With over 2 million new cases diagnosed in 2018, breast cancer remains the most commonly occurring cancer in women and the second most common cancer overall. Survival rates vary greatly worldwide, ranging from 80% in North America, Sweden and Japan to around 60% in middle-income countries and below 40% in low-income countries (Coleman et al., 2008).
Despite considerable progress in treatment modalities, breast cancer patients die from cancer dissemination and metastases. Current understanding of the underlying processes that allow cancer cells to circulate in the bloodstream and invade and colonize in other organs is limited. Expanding the body of knowledge on these processes is one of our areas of focus.
Immunotherapy is a new modality which has revolutionized the treatment of cancer for multiple types of tumors. However, breast cancer has shown only modest benefit from immunomodulatory therapies, if at al. This is principally due to tumor escape mechanisms. We have only limited understanding of these mechanisms. Our focus on translational research aims to better understand these resistant mechanisms, broaden current clinical applications and overcome some of these unsolved issues.
The research laboratory is located within the campus of the Rabin Medical Center, thereby enabling us to benefit from a fruitful multidisciplinary collaboration with the oncology and, surgery and pathology institutes and facilitating access to patient tissues and blood specimens. This advantage allows us to perform in-vitro, in-vivo and ex-vivo experiments that more closely mimic clinical conditions of breast cancer.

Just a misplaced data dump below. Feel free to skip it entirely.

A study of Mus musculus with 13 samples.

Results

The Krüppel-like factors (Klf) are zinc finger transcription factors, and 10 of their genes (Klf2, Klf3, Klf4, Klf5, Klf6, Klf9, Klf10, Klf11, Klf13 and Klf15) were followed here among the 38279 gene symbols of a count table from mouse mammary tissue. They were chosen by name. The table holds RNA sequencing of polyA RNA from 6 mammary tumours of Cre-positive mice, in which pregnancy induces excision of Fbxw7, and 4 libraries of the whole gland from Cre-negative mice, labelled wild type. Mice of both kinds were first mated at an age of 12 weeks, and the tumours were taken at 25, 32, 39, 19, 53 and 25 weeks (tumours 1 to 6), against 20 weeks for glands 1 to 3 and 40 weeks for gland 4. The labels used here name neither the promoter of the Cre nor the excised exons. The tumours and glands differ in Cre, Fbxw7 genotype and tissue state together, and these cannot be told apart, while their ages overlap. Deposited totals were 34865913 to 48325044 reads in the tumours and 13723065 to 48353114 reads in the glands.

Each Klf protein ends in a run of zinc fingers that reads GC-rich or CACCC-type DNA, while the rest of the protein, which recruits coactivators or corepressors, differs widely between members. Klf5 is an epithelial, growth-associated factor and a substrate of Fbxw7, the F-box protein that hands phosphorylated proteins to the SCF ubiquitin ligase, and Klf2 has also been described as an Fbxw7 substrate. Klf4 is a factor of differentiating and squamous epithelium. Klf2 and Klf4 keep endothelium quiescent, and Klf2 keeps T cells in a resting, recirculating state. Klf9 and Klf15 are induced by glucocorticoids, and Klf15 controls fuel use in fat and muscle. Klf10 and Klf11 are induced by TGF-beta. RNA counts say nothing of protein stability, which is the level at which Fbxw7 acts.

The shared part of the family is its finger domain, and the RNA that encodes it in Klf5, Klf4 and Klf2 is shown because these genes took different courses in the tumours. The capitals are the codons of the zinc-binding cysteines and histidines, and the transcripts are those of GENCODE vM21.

Research Projects in the lab.
- Elucidation of molecular drivers of the breast cancer metastatic cascade to reveal new biomarkers for clinical translation:
One of the molecular mechanisms studied in our laboratory is the endoplasmic reticulum stress response which is activated in tumor cells and breast cancer leucocytes by commonly used chemotherapy agents for these patients. Our study suggests a different approach to treat metastatic breast cancer. We believe that conventional chemotherapy could be combined with therapies that regulate the unfolding protein response (UPR), a cellular stress response related to the endoplasmic reticulum stress.
- Discovery and study of a novel tumor escape mechanism and its reversal by a peptide which binds to an unconventional immunotherapy target.
Monoclonal antibodies directed against immune checkpoints, e.g., the programmed cell death protein 1 or programmed cell death ligand 1 (PD1/PDL-1), in or without combination with cytotoxic T-lymphocyte-associated antigen 4 (CTLA-4), have been successfully used for the treatment of different cancer types. In general, immunotherapy has shown only very modest benefit in breast cancer patients.
Related to this research, we revealed a heretofore unpublished tumor escape mechanism. We found that breast cancer inhibits the Src family of tyrosine kinases, resulting in the suppression of immune cells. We are studying a novel molecular mechanism of an immune modulating therapeutic peptide (C24D) that reverses the tumor escape mechanism through the CD45 signaling pathway. We aim to develop a new platform of immuno-oncology drugs for the treatment of breast cancer based on C24D and the CD45 signaling pathway.